Exodus International Marks 35th Year of Freedom Conferences


Exodus International, the organization birthed out of that first meeting in 1976, will celebrate the 35th anniversary of the event this week at Concordia University in Irvine, Calif.

Photo: Exodus International President Alan Chambers

Around 1,000 people are expected to participate in the International Freedom Conference, which begins Wednesday and includes workshops and testimonies from people who have left homosexuality. It will conclude Saturday with Love Won Out sessions designed to help those ministering to people with unwanted same-sex attraction.

Those in attendance also will hear from some of the original 63 people who met in Anaheim, including Exodus board member Ron Dennis and founding member Frank Worthen.   

Although the size of the conference has changed, Exodus Executive Vice President Randy Thomas said the mission remains the same. “We exist to help mobilize the body of Christ to answer the issues concerning homosexuality from a Christian and redemptive perspective,” Thomas said.

For Thomas, attending his first Freedom Conference in 1995 was a life-changing experience. “It was a catalyst for so much positive growth in my life, and it really propelled me forward in my own life as a Christian,” he said.

The theme for this year’s event is “Moving Forward,” which encompasses everything Exodus aims to do: help individuals find freedom through its member ministries, professional counselors and church association members, and mobilize the body of Christ to minister to those in their churches and communities.

Exodus International President Alan Chambers said his goal for the last nine years has been to move the organization’s focus from just individuals to a “ministry of the church.”

Though it began with only a few people, Exodus now works with almost 250 ministries and is affiliated with organizations around the globe. According to Exodus’ Web site, the ministry is the “largest Christian referral and information network dealing with homosexual issues in the world.”

Chambers said the fact that Exodus has survived so long when many other ministries haven’t made it past a decade is telling. “It speaks to the longevity of the power of Christ to change someone, and it speaks to the fact that this has been a solid, biblically based organization that has helped countless people,” he said.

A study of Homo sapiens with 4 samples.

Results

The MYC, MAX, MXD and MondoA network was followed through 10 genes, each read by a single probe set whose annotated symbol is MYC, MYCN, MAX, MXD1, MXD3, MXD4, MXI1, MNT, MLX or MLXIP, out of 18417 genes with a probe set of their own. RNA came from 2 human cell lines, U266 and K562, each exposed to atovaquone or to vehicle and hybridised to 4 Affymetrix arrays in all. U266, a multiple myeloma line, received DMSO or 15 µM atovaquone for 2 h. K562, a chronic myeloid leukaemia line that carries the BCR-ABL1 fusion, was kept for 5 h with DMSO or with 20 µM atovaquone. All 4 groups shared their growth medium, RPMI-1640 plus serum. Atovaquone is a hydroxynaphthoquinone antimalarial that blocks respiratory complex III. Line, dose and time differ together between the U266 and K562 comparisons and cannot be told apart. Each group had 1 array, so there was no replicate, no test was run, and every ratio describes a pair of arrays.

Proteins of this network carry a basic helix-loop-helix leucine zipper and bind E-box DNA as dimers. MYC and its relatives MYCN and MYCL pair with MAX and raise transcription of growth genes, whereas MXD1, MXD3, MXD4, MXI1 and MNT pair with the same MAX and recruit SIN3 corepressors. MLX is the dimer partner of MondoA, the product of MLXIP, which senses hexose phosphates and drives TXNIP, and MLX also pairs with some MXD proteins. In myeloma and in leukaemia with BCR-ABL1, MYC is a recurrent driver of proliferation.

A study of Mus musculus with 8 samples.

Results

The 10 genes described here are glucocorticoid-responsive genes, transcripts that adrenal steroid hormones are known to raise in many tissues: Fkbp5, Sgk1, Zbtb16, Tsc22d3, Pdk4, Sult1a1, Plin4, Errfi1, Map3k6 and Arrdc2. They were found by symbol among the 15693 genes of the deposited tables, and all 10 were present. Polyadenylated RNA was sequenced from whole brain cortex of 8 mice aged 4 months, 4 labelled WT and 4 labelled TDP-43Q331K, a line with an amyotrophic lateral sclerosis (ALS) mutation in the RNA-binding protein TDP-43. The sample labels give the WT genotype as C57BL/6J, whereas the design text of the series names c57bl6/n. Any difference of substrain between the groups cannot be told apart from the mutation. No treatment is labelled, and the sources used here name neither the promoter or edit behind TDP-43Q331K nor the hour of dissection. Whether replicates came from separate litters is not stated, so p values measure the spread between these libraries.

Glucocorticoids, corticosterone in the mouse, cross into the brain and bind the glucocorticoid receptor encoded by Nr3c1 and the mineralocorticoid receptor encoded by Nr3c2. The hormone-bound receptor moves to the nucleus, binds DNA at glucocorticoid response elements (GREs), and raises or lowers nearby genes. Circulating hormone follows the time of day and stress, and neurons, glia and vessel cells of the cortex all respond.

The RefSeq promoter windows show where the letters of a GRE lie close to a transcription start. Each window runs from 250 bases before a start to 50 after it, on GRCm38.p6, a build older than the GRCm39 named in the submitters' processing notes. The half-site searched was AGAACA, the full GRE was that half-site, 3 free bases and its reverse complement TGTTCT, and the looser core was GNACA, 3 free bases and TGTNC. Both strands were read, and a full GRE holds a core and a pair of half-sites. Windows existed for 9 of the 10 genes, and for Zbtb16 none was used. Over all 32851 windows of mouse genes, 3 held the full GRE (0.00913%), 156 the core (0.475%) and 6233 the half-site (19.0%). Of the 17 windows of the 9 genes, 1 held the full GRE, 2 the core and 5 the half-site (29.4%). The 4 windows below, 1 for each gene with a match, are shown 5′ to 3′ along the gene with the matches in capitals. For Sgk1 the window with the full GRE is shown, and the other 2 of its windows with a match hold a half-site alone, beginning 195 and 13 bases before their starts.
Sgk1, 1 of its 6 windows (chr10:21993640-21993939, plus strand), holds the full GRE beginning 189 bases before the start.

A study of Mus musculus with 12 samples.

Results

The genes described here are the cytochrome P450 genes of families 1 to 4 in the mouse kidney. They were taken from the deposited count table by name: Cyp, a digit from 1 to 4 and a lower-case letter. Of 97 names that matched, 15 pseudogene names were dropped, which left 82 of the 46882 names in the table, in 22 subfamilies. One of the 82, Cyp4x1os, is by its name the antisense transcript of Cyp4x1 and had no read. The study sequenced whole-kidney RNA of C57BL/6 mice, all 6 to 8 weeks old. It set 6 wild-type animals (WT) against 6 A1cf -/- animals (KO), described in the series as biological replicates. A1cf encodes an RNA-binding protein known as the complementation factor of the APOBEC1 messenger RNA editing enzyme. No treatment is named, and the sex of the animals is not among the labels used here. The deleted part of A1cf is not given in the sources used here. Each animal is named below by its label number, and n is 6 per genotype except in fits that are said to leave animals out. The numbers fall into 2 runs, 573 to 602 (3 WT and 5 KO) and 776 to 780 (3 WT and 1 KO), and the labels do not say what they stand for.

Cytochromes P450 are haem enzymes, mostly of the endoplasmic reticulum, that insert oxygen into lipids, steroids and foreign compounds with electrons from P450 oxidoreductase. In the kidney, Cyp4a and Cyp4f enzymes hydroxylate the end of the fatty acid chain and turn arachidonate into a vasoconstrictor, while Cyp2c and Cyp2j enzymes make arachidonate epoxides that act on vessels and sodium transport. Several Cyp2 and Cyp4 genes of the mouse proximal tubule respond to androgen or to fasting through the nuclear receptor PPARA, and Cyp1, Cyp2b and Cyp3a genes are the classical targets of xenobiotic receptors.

Since Exodus International was founded the cultural perspective on homosexuality has continued to change rapidly. “Our culture has gone from shoving homosexuality to the closet to parading it down Main Street,” Thomas said.

The shift has brought both positives and negatives. People are more open to talking about homosexuality, but Thomas said the changing culture also has encouraged some people to experiment with homosexuality who might not have otherwise. “On the one hand we’re talking about it more, but on the other hand our culture has completely gone away from a biblical viewpoint of sexuality,” Thomas said.

While Exodus officials are convinced – and many are living proof – that people can turn from a life of homosexuality, there are many critics. “The question that’s been posed … has been: Do your programs really work? Do they bring about meaningful change?” said psychology professor Mark A. Yarhouse, director of the Institute for the Study of Sexual Identity at Regent University in Virginia Beach, Va.

“Really the question’s even been more firm than that: Is change ever possible and, in fact, is it even harmful to try?” he said.

Yarhouse, along with Wheaton College Provost Stanton L. Jones, led  a longitudinal study of change attempts. “We reported that change does appear to be possible for some people,” said Yarhouse, who with Jones reported their findings in the 2007 book Ex-Gays?: A Longitudinal Study of Religiously Mediated Change in Sexual Orientation. The pair presented further results last year at the American Psychological Association’s annual convention.

However, Yarhouse said their research showed more of a decrease in same-sex attraction than a complete shift from homosexuality to heterosexuality.

Through the years, Yarhouse said there seems to be more religion-based ministries such as Exodus that are dealing with the issue of homosexuality.

“I wondered if that doesn’t correspond with the decrease in responsiveness from professional mental health organizations,” Yarhouse said, adding that many secular groups are limited in what they offer clients and may even discourage change attempts.

Although research has shown change is possible, Yarhouse said he’s not sure any ministry can promise an outcome of complete heterosexuality.
“I think they’re at their best when they talk about Christ-likeness and sanctification and growing in Christian maturity,” he said.

Thomas – who considers himself “predominately heterosexual” and knows people who have completely overcome same-sex attractions – said for some, temptations may still come at times.

However, he said people shouldn’t be discouraged if this happens because they aren’t defined by what may or may not tempt them. He said it’s important to remember that one of the fruits of the Holy Spirit is self-control.

“If I am tempted, I know what to do about that, and because of the grace and love of God I can continue walking my walk in obedience and maturity, and that to me is as much freedom as someone who says they’ve experienced complete freedom,” he said.